A Brexit minister has apologised in Parliament for comments he made about the independence of the civil service.
Steve Baker said he had been told Treasury officials were deliberately trying to influence policy in favour of staying in the EU customs union.
Charles Grant, an EU policy expert said to have been the source of the claims, has since denied telling Mr Baker this.
Mr Baker told MPs he now accepted this and insisted that he had the "highest regard" for the civil service.
In a short speech in the Commons before proceedings began on Friday, Mr Baker said he wanted to set the record straight.
"As I explained yesterday (Thursday) I considered what I understood to be the suggestion being put to me as implausible because of the long standing and well regarded impartiality of the civil service," he said.
After Mr Baker's claims emerged on Thursday, Mr Grant, the Centre for European Reform think tank chief, issued a statement.
'Honest and trustworthy'
He said he recalled telling the minister at an event at the Conservative Party conference that he was aware of Treasury research showing the economic costs of leaving the customs union outweighed the benefits of striking free trade deals.
But he added: "I did not say or imply that the Treasury had deliberately developed a model to show that all non-customs union options were bad, with the intention to influence policy."
An audio recording of Mr Grant's lunch at the Tory conference has since been published online.
In his apology, Mr Baker said: "In the context of that audio I accept that I should have corrected or dismissed the premise of my Hon Friend's question.
"I have apologised to Charles Grant who is an honest and trustworthy man.
"As I have put on record many times I have the highest regard for our hard-working civil servants. I am grateful for this early opportunity to correct the record, and I apologise to the House."
1/3 This morning in Parliament, I answered a question based on my honest recollection of a conversation. As I said, I considered what I had understood to be implausible, because of the impartiality of the civil service.— Steve Baker MP (@SteveBakerHW) February 1, 2018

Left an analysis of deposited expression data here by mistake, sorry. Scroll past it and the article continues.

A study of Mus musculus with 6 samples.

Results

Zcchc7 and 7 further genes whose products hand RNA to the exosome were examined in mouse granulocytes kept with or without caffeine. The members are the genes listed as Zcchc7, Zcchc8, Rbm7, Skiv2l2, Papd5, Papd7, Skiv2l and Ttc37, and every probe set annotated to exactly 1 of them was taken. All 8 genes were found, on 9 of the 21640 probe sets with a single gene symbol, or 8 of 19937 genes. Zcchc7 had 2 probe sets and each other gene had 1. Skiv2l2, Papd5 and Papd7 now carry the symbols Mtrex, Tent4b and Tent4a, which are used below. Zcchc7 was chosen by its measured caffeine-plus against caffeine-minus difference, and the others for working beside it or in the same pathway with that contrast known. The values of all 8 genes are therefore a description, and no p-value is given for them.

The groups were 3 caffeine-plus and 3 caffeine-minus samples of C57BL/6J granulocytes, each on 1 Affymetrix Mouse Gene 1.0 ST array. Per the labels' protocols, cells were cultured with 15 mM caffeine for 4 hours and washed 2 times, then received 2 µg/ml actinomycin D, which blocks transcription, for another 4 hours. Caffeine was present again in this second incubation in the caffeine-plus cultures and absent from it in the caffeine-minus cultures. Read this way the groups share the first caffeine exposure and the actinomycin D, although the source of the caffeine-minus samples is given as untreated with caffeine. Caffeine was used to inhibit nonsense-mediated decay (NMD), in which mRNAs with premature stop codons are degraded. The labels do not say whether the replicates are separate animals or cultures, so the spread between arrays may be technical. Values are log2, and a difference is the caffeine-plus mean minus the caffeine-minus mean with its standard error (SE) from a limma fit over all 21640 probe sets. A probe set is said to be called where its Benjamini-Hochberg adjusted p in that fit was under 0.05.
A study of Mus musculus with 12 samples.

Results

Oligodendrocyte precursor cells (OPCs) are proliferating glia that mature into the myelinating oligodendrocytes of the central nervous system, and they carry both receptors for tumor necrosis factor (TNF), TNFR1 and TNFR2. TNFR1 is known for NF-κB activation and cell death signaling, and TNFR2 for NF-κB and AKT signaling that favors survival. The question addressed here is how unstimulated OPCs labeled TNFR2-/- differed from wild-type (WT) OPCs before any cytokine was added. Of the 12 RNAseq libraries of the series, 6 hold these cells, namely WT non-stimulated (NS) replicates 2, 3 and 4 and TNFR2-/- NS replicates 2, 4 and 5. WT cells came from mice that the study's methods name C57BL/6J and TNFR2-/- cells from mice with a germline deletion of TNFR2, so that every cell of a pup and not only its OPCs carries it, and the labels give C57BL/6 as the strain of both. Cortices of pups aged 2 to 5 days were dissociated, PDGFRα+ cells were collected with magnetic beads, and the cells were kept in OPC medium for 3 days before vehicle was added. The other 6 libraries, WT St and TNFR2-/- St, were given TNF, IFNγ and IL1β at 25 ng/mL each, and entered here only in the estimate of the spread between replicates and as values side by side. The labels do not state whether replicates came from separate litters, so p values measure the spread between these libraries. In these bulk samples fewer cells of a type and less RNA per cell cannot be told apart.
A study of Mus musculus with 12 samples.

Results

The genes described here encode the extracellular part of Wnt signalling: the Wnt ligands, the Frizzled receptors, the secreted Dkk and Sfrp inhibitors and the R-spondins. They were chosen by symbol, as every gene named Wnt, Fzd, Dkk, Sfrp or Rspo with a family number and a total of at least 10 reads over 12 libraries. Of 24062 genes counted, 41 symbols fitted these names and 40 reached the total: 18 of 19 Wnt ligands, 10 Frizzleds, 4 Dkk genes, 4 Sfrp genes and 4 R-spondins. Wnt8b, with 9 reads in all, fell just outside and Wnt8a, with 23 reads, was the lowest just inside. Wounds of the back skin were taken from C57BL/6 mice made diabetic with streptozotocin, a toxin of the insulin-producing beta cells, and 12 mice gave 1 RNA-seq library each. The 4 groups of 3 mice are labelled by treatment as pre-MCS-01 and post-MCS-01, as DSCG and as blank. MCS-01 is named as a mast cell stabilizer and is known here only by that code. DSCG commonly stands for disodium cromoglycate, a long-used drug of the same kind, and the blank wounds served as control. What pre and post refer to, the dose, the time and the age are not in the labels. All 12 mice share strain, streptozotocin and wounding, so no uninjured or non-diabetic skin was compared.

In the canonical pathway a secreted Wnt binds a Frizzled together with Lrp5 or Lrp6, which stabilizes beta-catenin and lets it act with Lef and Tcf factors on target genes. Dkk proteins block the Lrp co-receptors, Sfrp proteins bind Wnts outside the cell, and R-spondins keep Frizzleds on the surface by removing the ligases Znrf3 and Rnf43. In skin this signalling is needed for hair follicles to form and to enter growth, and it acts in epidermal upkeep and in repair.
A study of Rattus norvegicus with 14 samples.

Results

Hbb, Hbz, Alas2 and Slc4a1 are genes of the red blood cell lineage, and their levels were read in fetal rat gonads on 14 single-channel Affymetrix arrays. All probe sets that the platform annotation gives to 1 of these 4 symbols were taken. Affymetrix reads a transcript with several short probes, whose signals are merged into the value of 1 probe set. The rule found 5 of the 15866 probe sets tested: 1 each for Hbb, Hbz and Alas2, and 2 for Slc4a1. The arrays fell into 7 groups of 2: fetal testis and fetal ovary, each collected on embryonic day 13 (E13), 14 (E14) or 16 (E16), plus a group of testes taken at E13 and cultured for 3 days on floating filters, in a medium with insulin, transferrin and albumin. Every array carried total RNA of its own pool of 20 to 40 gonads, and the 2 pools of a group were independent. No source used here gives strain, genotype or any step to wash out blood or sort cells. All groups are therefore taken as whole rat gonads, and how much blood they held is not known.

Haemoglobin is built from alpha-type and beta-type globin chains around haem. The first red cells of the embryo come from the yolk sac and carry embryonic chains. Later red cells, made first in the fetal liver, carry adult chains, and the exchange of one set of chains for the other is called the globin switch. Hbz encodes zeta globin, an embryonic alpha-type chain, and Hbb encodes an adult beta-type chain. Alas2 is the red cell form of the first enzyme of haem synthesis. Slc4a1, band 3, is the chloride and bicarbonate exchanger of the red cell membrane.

Downing Street said it was "the right thing to do" for Mr Baker to have made a "heartfelt" apology for his comments, adding: "We consider this matter closed."
Theresa May's spokesman said the prime minister had not personally spoken to Mr Baker about the row but No 10 officials did have a word with him after the recording of Mr Grant's lunch emerged.
The row was sparked by Commons exchanges on Thursday at Brexit questions.
Prominent Brexiteer Jacob Rees-Mogg asked Mr Baker to confirm if he had heard Mr Grant that "officials in the Treasury have deliberately developed a model to show that all options other than staying in the customs union were bad and that officials intended to use this to influence policy".
In response, Mr Baker said he was "sorry to say" that Mr Rees-Mogg's account was "essentially correct", adding: "At the time I considered it implausible because my direct experience is that civil servants are extraordinarily careful to uphold the impartiality of the civil service."
Mr Baker, a leading backbench Eurosceptic before his promotion to a ministerial post, was challenged by opposition MPs as he delivered his answer to Mr Rees-Mogg, prompting him to add: "I didn't say it was correct. I said the account that was put to me is correct.
"It was put to me, I considered it an extraordinary allegation, I still consider it an extraordinary allegation."
Following Mr Baker's apology, Mr Rees-Mogg is continuing to insist that the Treasury has questions to answer over its stance on the customs union.
3/5 When Mr. Grant refers to ‘unpublished papers’ on the Customs Union, who commissioned these and authorised him to be told? Again, if officials, improper for them to tell a partisan think-tank leader before most of the Government or Parliament #TreasuryGate— Jacob Rees-Mogg (@Jacob_Rees_Mogg) February 2, 2018
Theresa May has ruled out staying in the customs union - which allows tariff-free trade between its members but prevents them from negotiating their own trade deals - but has not excluded the possibility of some form of customs partnership with the EU after Brexit.